Typically when most people think about their role as a boss, leader or manager they often think they need all the answers or that they know best. As a boss leading a team of employees you are responsible for meeting some objective in some time-frame. Often you will decide how to accomplish that goal and through what activities to push down to you team. During your staff meeting you start rolling out the goal and the plan to get there. Then something happens, one or more of your staff respectfully challenges your direction. What do you do?
As you scan your team members sitting around the room you begin to realize several things. First, this is the team you built. You have mentored them and groomed them into the thinkers and executors that they are today. Second, you hired many or all of your team members because of the experience they had and what they could bring to your department. Third, they are probably more connected to the operational logistics or are client facing and will have different perspectives or ideas on how to execute the plan. They will also know best what dependencies your plan may effect. So what do you do when they begin to challenge you?
We need to realize that it takes a great deal of confidence and a certain level of comfortability for someone to challenge their boss. You should foster an environment where your staff won’t have fear or feel their job would be at risk if they take a stance on something you are rolling out.
You have to allow them to just do. Let them know you hired them because of their experience and knowledge. As their boss you don’t have all the answers, nor should you. You should also remember you need them more than they need you. You should allow them to share what they know even if it goes against your view or of the situation. The right way for them to do this would be to disagree because of x facts and statistics. If they just disagree but are missing a compelling why, this gives you a great opportunity to coach them reach the next level on how they can handle expressing what they know in a manner that will be better received.
Yes (wo)men are in every department and every team. These are the people who sit in meetings agreeing either through nodding their head or verbally only to exit the meeting and totally bash everything that was rolled out. One of my favorite sayings is “after the meeting ends the debate begins”. You cannot begin to understand how unproductive this is. Passive-aggressive agreement can destroy your team and your business. Praise those people who say what’s on their mind, as it happens, in front of the entire group. This will allow for an environment where those who may be intimidated to raise their hand may be more compelled to do so. This won’t eliminate those yes (wo)men but it should reduce the number of them sitting at your table.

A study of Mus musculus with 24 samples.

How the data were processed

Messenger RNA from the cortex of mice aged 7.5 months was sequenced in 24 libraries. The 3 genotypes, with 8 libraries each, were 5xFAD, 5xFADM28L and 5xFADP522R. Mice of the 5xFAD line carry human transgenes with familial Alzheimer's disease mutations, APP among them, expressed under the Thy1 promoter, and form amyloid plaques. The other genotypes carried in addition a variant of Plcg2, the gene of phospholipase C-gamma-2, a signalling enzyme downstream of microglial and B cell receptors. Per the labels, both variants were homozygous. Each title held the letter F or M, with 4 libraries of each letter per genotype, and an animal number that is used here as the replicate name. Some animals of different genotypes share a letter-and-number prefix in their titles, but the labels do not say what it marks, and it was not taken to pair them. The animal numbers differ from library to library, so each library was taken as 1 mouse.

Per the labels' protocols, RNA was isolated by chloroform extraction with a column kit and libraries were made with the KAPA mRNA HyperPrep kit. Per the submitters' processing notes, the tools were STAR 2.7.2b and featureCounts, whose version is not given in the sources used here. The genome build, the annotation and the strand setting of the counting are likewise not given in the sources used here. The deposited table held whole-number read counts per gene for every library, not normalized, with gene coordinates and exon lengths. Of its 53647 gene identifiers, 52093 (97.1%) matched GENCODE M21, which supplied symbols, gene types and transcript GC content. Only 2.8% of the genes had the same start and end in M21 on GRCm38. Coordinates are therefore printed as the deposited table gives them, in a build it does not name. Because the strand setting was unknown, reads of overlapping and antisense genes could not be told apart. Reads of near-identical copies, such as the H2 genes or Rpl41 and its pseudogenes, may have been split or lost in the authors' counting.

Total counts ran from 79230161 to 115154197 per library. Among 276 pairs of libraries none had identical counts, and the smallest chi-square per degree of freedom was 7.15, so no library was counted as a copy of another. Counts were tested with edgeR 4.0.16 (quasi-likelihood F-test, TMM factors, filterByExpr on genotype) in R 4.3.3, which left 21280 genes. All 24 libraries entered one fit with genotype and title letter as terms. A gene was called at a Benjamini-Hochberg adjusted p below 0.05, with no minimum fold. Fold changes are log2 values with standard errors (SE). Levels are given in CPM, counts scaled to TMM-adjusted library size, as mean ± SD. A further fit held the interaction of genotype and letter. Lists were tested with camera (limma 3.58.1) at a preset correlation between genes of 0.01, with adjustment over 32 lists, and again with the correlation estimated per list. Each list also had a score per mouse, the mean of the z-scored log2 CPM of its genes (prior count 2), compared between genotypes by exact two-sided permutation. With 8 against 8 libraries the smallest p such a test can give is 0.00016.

Embrace the other points of view. Your staff is knowledgeable and capable otherwise you would not keep them around. Points of view, opinions, perspectives whatever you want to call them are what make companies and products great and are the very foundation of innovation. In order to be a part of the next big thing or in order to be collaborative, everyone needs to speak up and to share in the risk. When you foster an environment where your staff can express their opinions, be heard and valued your team will accomplish so much more.
The main points to consider when your staff challenges you are:
- You don’t have all the answers and shouldn’t have them
- You need your team and depend on them to provide the knowledge and skills your hired them for
- Ensure they feel a part of the decision making process (when they ask what should we do, turn it around and ask them)
Don’t be confused with my message. There are times when you need to role something out that is non-negotiable. In those cases use your actively listening skills, repeat back a summary of what they said and then let them know you appreciate their opinion but in this case and for X reason this is how it has to be done. As in any relationship the art of compromise is ever present. As the boss, sometimes, it will need to be your way. Most employees understand that and if you encounter one who doesn’t you will have another coaching opportunity.
I welcome your perspective on your employees challenging you. Use the comment section below to add your advice!